One of the most common questions I get about home automation, and a very popular technique from Smart Home Hacks, is how to use a Internet-connected camera to monitor your home, or pet, while you're away. Unfortunately, my tried-and-true technique used IP cameras that are no longer available, and for a lot of years thereafter, there just weren't good, inexpensive alternatives available.

But I recently discovered the Astak Mole camera and am happy to give it solid recommendation. It's easy to use, and has a surprising number of advanced features for the price. In brief, it offers full pan and tilt control, infrared night vision, Wi-Fi and ethernet connectivity, and more, for just $200. ($260 MSRP). This price is astoundingly low, typically a wireless pan/tilt camera would be at least $350. And most of those don't include audio, which the Mole does quite well. (In other words, you can hear, as well as see, the location you're viewing.)

But what moves this camera from the "FYI" to the "recommended" category are the extra features it includes, all of which make it quite flexible, if not fun. The first is built-in support for both Yoics and DynDNS. What this means in plain English is that you'll be able to connect to the camera from anywhere in the world with minimal hassle. Yoics is the easier choice, although in the long term is requires a $30 a year subscription fee. To see your camera feed, all you do is connect to the server and login. Yoics handles all the rest of the details for you. If you're a little more technologically adventurous, you can accomplish a similar result using (If you visit these links, don't be intimidated, the client software for these services is built into the Mole, so no downloads to your computer are required.)

Don't worry, geeks, if you're the type who wants total control of your network, as I do, you can easily set up the camera for direct access. It requires only a single open port.

In addition to live streaming video, the Mole can upload periodic snapshots via email or to an FTP server. If you turn on motion detection (it supports one 'watched area' that has appropriate sensitivity adjustment), you can have the camera upload a 30 second video to YouTube, allowing you to see what caused the motion. The videos can be marked as private so that only you can see them. Additionally, the camera can send a tweet that can, via proper Twitter settings, alert your cell phone to the situation. Wow, what a nice touch.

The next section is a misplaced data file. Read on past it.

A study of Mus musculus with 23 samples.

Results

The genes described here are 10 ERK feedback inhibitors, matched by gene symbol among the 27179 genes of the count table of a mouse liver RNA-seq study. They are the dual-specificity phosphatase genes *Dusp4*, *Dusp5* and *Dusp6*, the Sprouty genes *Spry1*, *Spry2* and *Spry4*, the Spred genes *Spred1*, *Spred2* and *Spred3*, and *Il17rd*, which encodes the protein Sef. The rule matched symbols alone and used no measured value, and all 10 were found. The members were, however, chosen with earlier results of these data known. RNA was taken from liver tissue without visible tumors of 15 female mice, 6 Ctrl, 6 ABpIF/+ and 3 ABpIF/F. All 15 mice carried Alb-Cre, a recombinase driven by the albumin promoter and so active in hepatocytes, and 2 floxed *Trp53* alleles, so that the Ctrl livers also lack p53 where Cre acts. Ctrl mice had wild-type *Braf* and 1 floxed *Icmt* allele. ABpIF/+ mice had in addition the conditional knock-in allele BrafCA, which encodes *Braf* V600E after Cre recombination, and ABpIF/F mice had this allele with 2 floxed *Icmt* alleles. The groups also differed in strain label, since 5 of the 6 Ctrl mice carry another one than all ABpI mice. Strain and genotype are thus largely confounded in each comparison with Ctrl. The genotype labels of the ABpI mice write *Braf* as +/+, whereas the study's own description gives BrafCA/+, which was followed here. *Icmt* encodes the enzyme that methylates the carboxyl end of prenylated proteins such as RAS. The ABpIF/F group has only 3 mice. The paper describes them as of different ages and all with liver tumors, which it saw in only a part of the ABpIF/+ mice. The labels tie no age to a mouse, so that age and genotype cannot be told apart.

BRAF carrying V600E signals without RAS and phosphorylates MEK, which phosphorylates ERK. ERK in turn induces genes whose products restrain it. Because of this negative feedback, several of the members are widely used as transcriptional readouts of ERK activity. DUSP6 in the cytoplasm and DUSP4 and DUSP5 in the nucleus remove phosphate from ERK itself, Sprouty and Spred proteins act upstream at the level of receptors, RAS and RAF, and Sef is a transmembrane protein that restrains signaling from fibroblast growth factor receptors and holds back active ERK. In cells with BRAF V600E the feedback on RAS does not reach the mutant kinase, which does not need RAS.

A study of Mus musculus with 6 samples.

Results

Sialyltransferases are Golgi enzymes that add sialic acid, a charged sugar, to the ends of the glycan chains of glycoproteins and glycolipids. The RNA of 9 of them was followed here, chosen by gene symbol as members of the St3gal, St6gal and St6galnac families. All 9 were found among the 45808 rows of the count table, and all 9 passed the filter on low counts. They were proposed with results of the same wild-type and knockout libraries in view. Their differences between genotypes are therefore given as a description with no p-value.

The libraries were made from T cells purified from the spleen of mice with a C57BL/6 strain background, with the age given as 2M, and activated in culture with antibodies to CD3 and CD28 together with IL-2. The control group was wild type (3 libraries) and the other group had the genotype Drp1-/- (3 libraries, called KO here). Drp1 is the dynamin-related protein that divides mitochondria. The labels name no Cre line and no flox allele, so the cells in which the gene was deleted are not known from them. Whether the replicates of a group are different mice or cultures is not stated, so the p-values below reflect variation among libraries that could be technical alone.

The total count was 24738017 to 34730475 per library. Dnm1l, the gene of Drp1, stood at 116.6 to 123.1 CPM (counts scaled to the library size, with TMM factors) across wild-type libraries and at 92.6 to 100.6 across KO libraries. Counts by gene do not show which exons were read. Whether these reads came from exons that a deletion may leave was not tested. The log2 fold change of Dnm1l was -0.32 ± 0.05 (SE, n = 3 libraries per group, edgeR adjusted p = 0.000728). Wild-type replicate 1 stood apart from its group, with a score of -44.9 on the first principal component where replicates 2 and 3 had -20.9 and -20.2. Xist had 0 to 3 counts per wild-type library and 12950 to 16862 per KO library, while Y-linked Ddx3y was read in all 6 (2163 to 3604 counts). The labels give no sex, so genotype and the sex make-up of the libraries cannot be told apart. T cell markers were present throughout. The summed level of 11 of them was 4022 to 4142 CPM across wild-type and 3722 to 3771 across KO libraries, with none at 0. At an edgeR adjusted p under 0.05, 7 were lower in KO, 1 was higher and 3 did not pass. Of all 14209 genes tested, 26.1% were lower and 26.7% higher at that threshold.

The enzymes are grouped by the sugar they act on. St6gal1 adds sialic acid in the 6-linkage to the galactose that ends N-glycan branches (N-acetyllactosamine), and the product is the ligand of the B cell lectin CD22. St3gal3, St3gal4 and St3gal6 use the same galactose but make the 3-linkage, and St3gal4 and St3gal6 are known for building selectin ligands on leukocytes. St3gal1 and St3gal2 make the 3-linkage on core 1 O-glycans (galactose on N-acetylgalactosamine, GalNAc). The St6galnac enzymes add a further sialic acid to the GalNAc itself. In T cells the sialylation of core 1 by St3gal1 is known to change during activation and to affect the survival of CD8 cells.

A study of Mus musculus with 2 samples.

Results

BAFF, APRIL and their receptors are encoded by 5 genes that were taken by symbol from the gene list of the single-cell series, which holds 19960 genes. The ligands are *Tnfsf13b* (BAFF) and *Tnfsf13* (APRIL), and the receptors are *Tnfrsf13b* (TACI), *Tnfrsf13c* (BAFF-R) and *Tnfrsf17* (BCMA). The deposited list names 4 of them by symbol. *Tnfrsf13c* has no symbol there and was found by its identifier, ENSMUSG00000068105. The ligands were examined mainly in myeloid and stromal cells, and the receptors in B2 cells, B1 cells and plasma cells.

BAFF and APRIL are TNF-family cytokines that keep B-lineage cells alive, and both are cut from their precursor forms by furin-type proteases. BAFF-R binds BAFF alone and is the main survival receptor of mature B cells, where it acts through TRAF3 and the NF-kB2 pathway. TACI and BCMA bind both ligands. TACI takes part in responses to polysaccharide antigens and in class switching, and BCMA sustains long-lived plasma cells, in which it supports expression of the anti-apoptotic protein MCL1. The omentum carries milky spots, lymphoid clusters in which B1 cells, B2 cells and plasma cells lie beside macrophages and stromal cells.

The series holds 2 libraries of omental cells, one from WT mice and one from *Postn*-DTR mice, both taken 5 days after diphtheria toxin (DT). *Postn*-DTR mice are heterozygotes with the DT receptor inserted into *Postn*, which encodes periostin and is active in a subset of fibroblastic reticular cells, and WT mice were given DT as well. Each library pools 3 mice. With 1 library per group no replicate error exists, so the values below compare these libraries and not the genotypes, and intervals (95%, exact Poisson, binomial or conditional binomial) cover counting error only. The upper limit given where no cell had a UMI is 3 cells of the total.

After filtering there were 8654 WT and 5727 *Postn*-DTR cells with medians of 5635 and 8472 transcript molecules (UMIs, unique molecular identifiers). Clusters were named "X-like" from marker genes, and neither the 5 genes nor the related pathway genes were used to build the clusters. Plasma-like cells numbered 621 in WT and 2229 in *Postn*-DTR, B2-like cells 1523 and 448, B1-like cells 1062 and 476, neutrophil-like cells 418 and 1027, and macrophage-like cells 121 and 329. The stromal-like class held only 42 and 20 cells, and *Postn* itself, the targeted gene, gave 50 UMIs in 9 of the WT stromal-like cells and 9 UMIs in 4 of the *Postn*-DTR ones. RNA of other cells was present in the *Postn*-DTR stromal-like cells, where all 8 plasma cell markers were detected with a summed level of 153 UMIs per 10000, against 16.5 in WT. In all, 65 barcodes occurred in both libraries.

In addition to streaming and uploading video, or emailing snapshots (periodically or due to motion detection as discussed), the Mole also features local storage on an SD card. Shockingly, the camera even comes with a 2GB SD card (and an Ethernet cable!). What this means is that you can use the camera to monitor a location that does not have an Internet connection. Not in real time, of course, but the SD card will show you what happened while you were gone, when you return to view the card's contents. You can also view the card images remotely, if you do have an Internet connection.

See the Astak website for more features and live cameras you can demo.

Now, here's what I consider to be the deal clincher. The Mole uses H.264 HTTP streaming. Previously, many consumer-grade IP cameras were unaccessible using a Mac because they relied on an ActiveX or other proprietary software/codecs. The Mole, hower, can be viewed from virtually any web browser, including mobile devices such as iPhone and iPad. On the iPhone, the Mole even serves up an optimized mobile interface. This is fantastic.

There are some areas where Astak could make the Mole better. For example, if you have the night vision set to automatic, it turns on when the room is dark. But not just when the camera is active, the IR illuminators are on all the time. This seems unnecessary and could interfere with other IR controls. Also related to lights, I think the Mole has far too many "blinken lights" on it. There's a green light that indicates it has power, a red light that indicates an SD card is installed, and a blue light that flashes with network activity. Small pieces of black tape solved this problem for me. I'd also like the ability to define more than 3 user logins, and to be able to change the user name associated with the accounts. Finally, a note more than a complaint, the camera is not suitable for use outdoors. This is an indoor only toy, please.


So, if you're looking for an IP camera to monitor a pet, office, or a second home, the Astak Mole is well worth considering. I bought mine at my local Costco for $199, the box is shown above so you can know what you're looking for in the store. Also, Amazon sells them for the regular price of $250.

I do not accept advertising, but the Amazon want you to know that some links may contain affiliate codes that dangle the promise of earning me a few pennies towards running this site (at no additional expense to you). Humbly, Gordon Meyer


Chris Karr

Thanks for the recommendation - I just ordered one. I've been looking for a nice camera to work out the camera UI elements of my HA app. The news that this one didn't require ActiveX was the clincher for me. :-)

David Price

Gordon -- This was on today's Good Morning America show:


a bad point is the fact that the H.264 stream cannot be used with any other application asides those services pre-defined. Thus, this camera is not suitable for being hosted or for recording on video surveillance in-house systems.